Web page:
Don't toss it: Year-round care for your poinsettia

The poinsettia you brought home from the garden center or grocery store could be your first step toward sustainability. In other words, consider keeping the plant around for a while instead of tossing it in the trash once the tree is down. A poinsettias planted outdoors when warm weather stabilizes can turn into the prettiest tropical plant in your yard. Even if it doesn't bloom again next Christmas, you can still enjoy it for many months. Here's what you should do for your poinsettia now and through 2011:

 

Taking care of it now

Avoid exposing the poinsettia to freezing conditions. Do not leave it in the car while you finish shopping. Take it home and place it inside the house as soon as possible after purchasing it.

§         Place your poinsettia in a spot with bright natural light, but do not expose it to direct sunlight.

§         Do not place your poinsettia in an area where it will be exposed to drafts, heat from appliances, radiators, or ventilation ducts.

§         The color of your poinsettia will last longer with temperatures around 65 degrees Fahrenheit during the day and 60-65 degrees at night.

§         The soil should be kept moderately moist; check every few days and water when the soil feels dry to the touch. Before watering, remove the pot covers or foil wrapping; water to saturate the soil, and then allow the pot to drain. Do not let the plant sit in standing water.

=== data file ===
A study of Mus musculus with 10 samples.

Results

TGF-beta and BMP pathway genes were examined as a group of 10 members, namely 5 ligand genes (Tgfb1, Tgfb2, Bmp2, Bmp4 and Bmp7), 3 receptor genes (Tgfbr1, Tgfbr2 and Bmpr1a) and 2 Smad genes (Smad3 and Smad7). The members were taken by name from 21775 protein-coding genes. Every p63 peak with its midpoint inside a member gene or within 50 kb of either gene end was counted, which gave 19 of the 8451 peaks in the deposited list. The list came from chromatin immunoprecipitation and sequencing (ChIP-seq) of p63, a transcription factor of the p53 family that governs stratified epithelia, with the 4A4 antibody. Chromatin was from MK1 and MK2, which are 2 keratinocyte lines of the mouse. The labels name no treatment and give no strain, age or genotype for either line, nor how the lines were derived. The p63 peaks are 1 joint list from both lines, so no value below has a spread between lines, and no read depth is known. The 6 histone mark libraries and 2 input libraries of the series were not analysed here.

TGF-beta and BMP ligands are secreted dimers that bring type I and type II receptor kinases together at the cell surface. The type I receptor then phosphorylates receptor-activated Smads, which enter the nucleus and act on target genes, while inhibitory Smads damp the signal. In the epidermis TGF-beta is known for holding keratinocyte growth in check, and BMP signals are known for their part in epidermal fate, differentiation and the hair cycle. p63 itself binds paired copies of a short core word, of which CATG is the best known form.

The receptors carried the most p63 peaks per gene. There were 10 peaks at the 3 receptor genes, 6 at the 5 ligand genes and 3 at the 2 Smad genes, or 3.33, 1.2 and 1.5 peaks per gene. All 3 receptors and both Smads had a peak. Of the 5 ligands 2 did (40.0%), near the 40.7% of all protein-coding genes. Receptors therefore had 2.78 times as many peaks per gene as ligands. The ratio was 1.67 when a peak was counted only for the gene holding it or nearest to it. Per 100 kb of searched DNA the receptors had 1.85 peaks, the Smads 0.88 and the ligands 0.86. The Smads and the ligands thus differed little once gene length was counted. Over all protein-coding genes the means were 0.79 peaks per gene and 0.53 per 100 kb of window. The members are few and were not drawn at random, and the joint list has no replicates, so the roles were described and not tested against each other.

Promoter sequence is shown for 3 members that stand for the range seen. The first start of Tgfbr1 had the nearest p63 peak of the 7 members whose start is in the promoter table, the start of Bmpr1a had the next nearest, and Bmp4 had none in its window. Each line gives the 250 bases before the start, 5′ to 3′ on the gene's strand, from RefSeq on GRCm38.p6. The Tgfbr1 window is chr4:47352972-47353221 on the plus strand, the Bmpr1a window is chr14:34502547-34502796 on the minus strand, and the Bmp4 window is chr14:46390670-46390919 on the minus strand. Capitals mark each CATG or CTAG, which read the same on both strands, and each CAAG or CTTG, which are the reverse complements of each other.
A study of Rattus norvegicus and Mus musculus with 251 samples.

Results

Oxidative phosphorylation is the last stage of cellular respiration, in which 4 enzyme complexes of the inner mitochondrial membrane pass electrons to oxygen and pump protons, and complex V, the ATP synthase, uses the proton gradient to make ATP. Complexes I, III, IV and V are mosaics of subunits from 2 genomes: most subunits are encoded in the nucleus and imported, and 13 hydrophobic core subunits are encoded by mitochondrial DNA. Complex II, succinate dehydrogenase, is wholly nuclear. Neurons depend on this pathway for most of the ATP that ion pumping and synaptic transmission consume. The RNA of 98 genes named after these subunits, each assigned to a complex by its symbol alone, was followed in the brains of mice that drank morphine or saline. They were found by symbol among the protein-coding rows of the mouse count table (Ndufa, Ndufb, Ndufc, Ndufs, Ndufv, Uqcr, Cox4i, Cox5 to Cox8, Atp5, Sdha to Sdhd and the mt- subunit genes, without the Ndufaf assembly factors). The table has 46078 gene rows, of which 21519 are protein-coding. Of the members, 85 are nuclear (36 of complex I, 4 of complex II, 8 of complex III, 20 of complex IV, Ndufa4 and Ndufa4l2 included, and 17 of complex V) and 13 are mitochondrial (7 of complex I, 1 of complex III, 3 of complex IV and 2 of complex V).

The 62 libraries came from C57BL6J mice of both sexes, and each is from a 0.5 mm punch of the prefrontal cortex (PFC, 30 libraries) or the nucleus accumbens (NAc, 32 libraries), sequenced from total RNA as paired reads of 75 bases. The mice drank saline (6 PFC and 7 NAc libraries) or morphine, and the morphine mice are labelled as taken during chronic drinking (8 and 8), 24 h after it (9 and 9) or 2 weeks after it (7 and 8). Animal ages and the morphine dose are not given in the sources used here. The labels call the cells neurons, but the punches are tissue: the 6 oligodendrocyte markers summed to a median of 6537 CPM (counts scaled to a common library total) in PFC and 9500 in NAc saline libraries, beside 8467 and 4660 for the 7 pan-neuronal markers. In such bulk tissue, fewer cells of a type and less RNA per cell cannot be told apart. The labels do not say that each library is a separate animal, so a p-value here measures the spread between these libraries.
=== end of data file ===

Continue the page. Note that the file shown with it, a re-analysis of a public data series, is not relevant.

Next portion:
To rebloom it

Once the holidays are over, January through March, continue to care for your poinsettia as you did when you first brought it home. Allow the surface of the soil to dry between waterings, and be sure to apply enough water so that the pot is evenly moist and some drains out the bottom. Do not let it sit in water. Keep the plant near a brightly lit window, in a room where the day temperatures are between 65 and 75 degrees. Night temperatures can be cooler, but make sure your poinsettia doesn't get colder than 55 degrees. April 1st, cut the poinsettia stems back to about 8 inches, and don't worry if you don't have many leaves left after you cut it back — more leaves will sprout along the stems. Continue watering as before, but keep in mind you will most likely be watering less since you removed a lot of foliage. As soon as new growth appears, begin fertilizing once a week with a well balanced, all-purpose fertilizer. This is also a good time to replant your poinsettia into a larger pot. If the container is too large, the soil can hold too much water, causing the roots of the poinsettia to rot, so it's best to choose a new container that is no more than 4" larger than the original.  You can also move your poinsettia outside for the summer months. Around mid-July, pinch each stem back, leaving three to four leaves on each stem. This makes your poinsettia nicely branched and bushy, and also creates lots of blooms. If you moved your plant outside, bring it back inside around the middle of August, and continue to water and fertilize through the rest of summer and early fall.

 

The tricky part

Poinsettias are short-day plants, meaning they naturally flower when the day length is less than 12 hours. Starting Oct. 1st, poinsettias need 14 hours of complete darkness daily, 6 p.m. to 8 a.m.. Cover the plant with a cardboard box, or place the plant in a closet or cabinet or even garage. No light, not even coming in under a closet door or opening the door, can happen. The dark treatment must be done every day from Oct. 1st until Thanksgiving. At the end of the dark treatment, the bracts (modified leaves that turn the showy colors we think of as poinsettia "flowers") start to change colors. Stop fertilizing at this time, and continue to care for your poinsettia the same as when you first purchased it.